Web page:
The pandemic changed every facet of life, and the beginnings of life itself — the birth and baby sectors — were no different. While some expected to see a jump in birth rates, economists are predicting 30,000 to 50,000 fewer births this year in Canada because of financial insecurity. Yet despite what onlookers are calling the “baby bust” currently affecting North America, many couples are still deciding to add to their families. Here, we talk to three mothers and one doula about the unique challenges of birth in the time of COVID-19.
“It was so exciting to see the heartbeat and to watch my baby boy grow, especially knowing that this is a viable pregnancy,” said Melissa Boufounos, a certified holistic nutritionist and a former world champion obstacle course competitor who owns her own sports nutrition company in Almonte. After an early miscarriage of a chemical pregnancy in 2020, Boufounos delivered her first child in September 2021.
But watching that baby grow became an isolating event when all appointments were moved online. The only appointments that are in person are ultrasounds; however, pregnant women must go by themselves — no partners allowed. Boufounos had her first in-person appointment at 10 weeks.
“It was really sad and upsetting to go into the office and hear the heartbeat for the first time without my husband. I took a video on my phone so he could hear the heartbeat and see the baby at home that night. He was so upset he couldn’t come with me and experience it at the same time. He missed out on the biggest moments of pre-fatherhood because of the provincial restrictions.”
Deanna Marie had her daughter Ivy in April of 2020, but her pregnancy journey was anything but smooth sailing. Marie developed pre-eclampsia at 34 weeks, a pregnancy complication that is characterized by high blood pressure and signs of damage to other organ systems. “Once I was able to see my obstetrician, I had to go into the hospital every two days for monitoring.”
Eventually, her condition was determined to be HELLP syndrome, a more dangerous pregnancy complication that affects the blood and the liver; once discovered, it is imperative to get treatment quickly because it is characterized as a medical emergency since both baby’s and mother’s bodies are in distress.
“I think because it was near the beginning of the pandemic and I didn’t have in-person care, things were missed. When I was back in my obstetrician’s office, my condition was obvious,” Marie said. “Once it was diagnosed as HELLP syndrome, everything moved pretty quickly. My kidneys and liver shut down, so they weren’t filtering toxins anymore. I got to the point where I had to deliver. I had no real choice. My dreams of a natural birth were sacrificed so my baby girl could be safe.”
After delivering Ivy at 36 weeks, Marie spent two weeks living in the hospital. Her partner, Jeremy, was with her but could not attend appointments. “I hadn’t told my husband Jeremy everything that was going on until I absolutely had to because going through online exams was stressful enough.… It was hard being in the hospital without Jeremy able to attend appointments. I’m thankful for the nursing staff being so fantastic.”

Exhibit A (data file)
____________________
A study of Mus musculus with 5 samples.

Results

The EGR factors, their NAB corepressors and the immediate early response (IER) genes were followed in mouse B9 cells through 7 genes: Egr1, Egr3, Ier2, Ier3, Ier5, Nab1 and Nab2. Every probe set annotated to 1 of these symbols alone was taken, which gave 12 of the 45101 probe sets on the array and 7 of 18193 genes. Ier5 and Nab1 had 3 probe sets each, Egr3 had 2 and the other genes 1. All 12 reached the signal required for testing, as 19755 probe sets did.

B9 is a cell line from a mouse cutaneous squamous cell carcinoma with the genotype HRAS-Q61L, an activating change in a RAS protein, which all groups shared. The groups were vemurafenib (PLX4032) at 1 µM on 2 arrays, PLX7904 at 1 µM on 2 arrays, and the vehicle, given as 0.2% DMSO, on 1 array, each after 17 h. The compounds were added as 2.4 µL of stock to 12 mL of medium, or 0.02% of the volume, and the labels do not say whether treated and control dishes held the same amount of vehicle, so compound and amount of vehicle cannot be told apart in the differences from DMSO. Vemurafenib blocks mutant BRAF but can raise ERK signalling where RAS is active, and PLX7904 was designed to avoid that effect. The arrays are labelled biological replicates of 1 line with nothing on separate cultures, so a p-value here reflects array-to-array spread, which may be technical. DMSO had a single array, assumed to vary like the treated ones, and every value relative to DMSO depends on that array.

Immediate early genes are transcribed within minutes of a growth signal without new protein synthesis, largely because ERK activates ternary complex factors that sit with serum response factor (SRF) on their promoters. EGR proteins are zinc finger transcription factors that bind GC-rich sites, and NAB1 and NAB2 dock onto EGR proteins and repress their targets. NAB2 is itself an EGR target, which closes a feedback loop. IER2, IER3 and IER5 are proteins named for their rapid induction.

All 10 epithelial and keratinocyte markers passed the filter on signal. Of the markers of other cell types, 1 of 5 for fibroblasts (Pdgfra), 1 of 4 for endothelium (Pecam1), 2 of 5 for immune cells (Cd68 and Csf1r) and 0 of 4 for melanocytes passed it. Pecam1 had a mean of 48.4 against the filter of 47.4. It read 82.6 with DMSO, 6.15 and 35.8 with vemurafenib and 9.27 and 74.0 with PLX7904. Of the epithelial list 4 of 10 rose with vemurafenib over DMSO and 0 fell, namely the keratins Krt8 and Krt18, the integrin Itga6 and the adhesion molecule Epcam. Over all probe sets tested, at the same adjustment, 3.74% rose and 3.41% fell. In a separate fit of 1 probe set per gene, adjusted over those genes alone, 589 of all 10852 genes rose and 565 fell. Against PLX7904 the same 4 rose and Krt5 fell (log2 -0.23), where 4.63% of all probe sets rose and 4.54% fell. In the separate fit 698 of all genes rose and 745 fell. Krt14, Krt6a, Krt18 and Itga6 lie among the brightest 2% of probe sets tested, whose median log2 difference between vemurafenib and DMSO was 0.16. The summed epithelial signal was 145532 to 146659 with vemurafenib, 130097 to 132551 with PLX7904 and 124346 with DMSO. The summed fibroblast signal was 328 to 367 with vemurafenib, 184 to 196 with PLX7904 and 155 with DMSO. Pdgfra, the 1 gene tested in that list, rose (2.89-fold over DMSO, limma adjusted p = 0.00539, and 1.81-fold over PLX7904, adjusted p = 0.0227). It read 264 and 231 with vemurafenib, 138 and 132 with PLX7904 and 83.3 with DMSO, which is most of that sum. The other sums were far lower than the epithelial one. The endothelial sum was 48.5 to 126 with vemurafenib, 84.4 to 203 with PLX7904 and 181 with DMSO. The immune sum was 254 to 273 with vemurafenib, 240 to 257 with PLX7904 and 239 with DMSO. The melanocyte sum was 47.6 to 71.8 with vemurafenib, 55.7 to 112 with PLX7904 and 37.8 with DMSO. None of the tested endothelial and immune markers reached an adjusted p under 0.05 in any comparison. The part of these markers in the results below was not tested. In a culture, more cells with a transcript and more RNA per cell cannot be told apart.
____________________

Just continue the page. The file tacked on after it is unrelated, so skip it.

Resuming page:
“This doesn’t scare me off continuing to grow our family. In fact, if lockdown continues, it may even jump-start our plans to grow. I mean, we have to be home already — why not use that time?”
DIALING THE DOULA
Veronica Cappella gave birth to her daughter Kirsten on May 13, 2021; it was her second child, and the pregnancy was drastically different from her first, in 2016.
“I had a miscarriage last summer, so I was very concerned about having another one, especially when almost all appointments are virtual. I found that there just weren’t enough appointments to go around and that the spacing of the appointments was drastically different from when I had my son,” Cappella said.
When complications with her pregnancy meant a C-section was in order, Cappella and her partner had to take a close look at the COVID-19 restrictions. In the end, she had to pick one support person to be by her side — her husband or her doula, Norah Lynn Paddock.
“There was some back and forth trying to understand if the support person you could have in the delivery room had to be the same person in the recovery room. When it was determined that it had to be the same person, we decided it would be my husband and that Norah Lynn would be available for phone support during the delivery.
“COVID-19 made everything harder. I called Norah Lynn from the operating room so she could be on the phone with my husband, and I stayed on the phone with her until after I was in recovery. I think having her there would have made the whole process a lot smoother — she knows the lay of the land — but I was lucky to have her for phone support.”
When asked how COVID-19 affected her approach to clients, Paddock said they, like so many industries, had to change their client support style. “Most people hire a doula for their hands. We had to transition to teaching the partners of these women to be our hands.”